Ryan Reynolds on the Difficulty of Being BURIED
Published: September 22, 2010 - 1:04pm
Buried is coming to theaters in limited release this weekend and everywhere (U.S.) on October 8th. In a recent interview, Reynolds talks about, among other things, preparation and the technical difficulties shooting a movie that's primary location is a coffin buried underground.
Buried is about Paul Conroy (Reynolds), a government contracted truck driver, who awakens buried alive six feet underground with nothing but a lighter, a knife and a cell phone. Though he has no recollection as to how he got there, he soon starts to remember what has happened to him as he races to escape his impending death. The movie covers about three hours and was shot on a tight 17 day schedule in chronological order which is typically not the norm for a production. Here are some of the excerpts from Shock Till You Drop:
Were you before or are you now at all claustrophobic and how did you deal with that?
"Ryan Reynolds: Claustrophobia is a primal fear that exists within everybody. This is probably most human being's worst nightmare come true, to be buried alive. I couldn't help but feel that when we were shooting, we were using a coffin. There were very few tricks. The greatest tricks were slight-of-hand engineered by Mr. Rodrigo Cortés. For me I was enclosed in there and had moments of utter panic that were soothed in various ways. One woman was playing all the roles when we were shooting. I had a microphone close to my chest and she could hear my panic attack starting ‘cause she could hear my heart accelerating. There were times when I couldn't get out of the coffin with any ease so I just had to stay in there with 50-60 pounds of wood on your chest pressing down so you start to have moments of panic. She would talk about wide open spaces, meadows, trees, things like that, esoteric stuff that would chill me out and allow me to my job."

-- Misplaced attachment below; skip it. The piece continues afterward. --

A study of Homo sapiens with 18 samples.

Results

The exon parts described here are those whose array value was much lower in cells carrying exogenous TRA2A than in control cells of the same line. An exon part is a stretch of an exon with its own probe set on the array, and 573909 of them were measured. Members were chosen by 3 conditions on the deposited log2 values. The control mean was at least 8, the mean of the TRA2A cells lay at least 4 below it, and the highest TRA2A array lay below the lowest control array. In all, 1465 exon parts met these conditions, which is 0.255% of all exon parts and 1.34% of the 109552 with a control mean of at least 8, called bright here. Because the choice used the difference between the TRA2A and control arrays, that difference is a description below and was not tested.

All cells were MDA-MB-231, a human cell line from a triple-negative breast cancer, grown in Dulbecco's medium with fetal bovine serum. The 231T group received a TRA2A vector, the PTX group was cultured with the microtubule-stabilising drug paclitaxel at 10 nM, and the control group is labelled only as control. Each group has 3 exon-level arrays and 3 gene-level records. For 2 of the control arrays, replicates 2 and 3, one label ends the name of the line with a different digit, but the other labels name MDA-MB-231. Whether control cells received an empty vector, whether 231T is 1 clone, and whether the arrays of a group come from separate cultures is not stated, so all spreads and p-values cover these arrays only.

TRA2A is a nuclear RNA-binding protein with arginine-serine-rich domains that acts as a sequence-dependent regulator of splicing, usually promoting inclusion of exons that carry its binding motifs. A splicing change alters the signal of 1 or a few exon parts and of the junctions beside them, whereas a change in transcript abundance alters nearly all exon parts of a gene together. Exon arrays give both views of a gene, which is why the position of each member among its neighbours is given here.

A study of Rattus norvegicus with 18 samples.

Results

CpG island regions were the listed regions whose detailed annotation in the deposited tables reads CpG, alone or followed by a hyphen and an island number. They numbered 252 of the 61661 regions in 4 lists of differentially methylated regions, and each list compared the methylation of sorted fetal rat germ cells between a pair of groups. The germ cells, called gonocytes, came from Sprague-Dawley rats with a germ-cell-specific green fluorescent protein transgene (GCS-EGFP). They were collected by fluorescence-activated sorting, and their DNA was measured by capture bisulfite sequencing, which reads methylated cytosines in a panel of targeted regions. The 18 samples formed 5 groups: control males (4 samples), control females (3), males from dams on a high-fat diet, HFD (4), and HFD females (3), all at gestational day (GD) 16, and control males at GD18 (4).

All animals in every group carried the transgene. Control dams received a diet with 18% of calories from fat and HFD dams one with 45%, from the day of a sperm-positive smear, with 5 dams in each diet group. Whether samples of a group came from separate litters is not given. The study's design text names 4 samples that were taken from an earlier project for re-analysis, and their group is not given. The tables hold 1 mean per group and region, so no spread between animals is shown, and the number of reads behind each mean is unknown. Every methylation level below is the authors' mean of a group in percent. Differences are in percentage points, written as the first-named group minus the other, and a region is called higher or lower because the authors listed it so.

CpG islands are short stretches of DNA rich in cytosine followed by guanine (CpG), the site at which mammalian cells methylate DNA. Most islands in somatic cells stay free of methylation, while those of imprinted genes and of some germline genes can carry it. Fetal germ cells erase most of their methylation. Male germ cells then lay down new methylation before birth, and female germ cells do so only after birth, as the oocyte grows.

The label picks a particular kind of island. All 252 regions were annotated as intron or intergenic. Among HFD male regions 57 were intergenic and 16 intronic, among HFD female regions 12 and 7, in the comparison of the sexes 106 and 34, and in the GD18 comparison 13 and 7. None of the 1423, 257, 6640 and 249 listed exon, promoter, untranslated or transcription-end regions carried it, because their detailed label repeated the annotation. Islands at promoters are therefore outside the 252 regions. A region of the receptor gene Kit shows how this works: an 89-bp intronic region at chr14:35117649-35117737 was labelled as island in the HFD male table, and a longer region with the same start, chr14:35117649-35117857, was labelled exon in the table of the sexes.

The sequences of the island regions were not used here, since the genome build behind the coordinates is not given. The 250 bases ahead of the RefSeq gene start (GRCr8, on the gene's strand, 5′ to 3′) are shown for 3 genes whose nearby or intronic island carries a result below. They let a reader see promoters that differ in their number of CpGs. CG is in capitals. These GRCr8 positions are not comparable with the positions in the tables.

This movie touches on so many important issues. Is there one in particular you were drawn to?
"Gosh, there's a lot of issues. For me the movie speaks more about communication and how we feel so safe with that, we feel like we're connected 100% of the time, all the time, and we are, we have Blackberries, mobile phones. There's a hidden enemy, and in this case it's not a terrorist, it's not limited oxygen supply, it's not a coffin, it's bureaucracy. That can kill a person, it's killing Paul Conroy in this film. That to me spoke volumes about the world we live in. "Press one for help in Spanish, press two for help in English." You can't get a human being on the phone any more, even in an emergency."
You have such a diverse resume of films. What do you do differently to prepare for something like Buried as opposed to something like Green Lantern?
"A movie like Buried is so psychological and so terrifying, and it's really a more emotional preparation. A movie like Green Lantern is spending 5 months doing gymnastics, and when you're 6-foot-2 that just shouldn't be done. [laughs] I've been lucky thus far. I have an ability that I've used throughout my career, I'm fortunate to have that, but most of it is dumb luck. I had a career that allowed me to do a number of different things early on, and because of that I never had this meteoric success early on. I wasn't a 19-year-old kid on the cover of every magazine. I was in the industry but I wasn't of the industry. It really allowed me to have an outside perspective and I was able to mature in a normal way like a career should. In my early 30s, where I am now, I'm afforded an opportunity to do a movie like Buried and then a movie like Green Lantern in the same year. I'm going to keep trying to do that as long as they'll let me."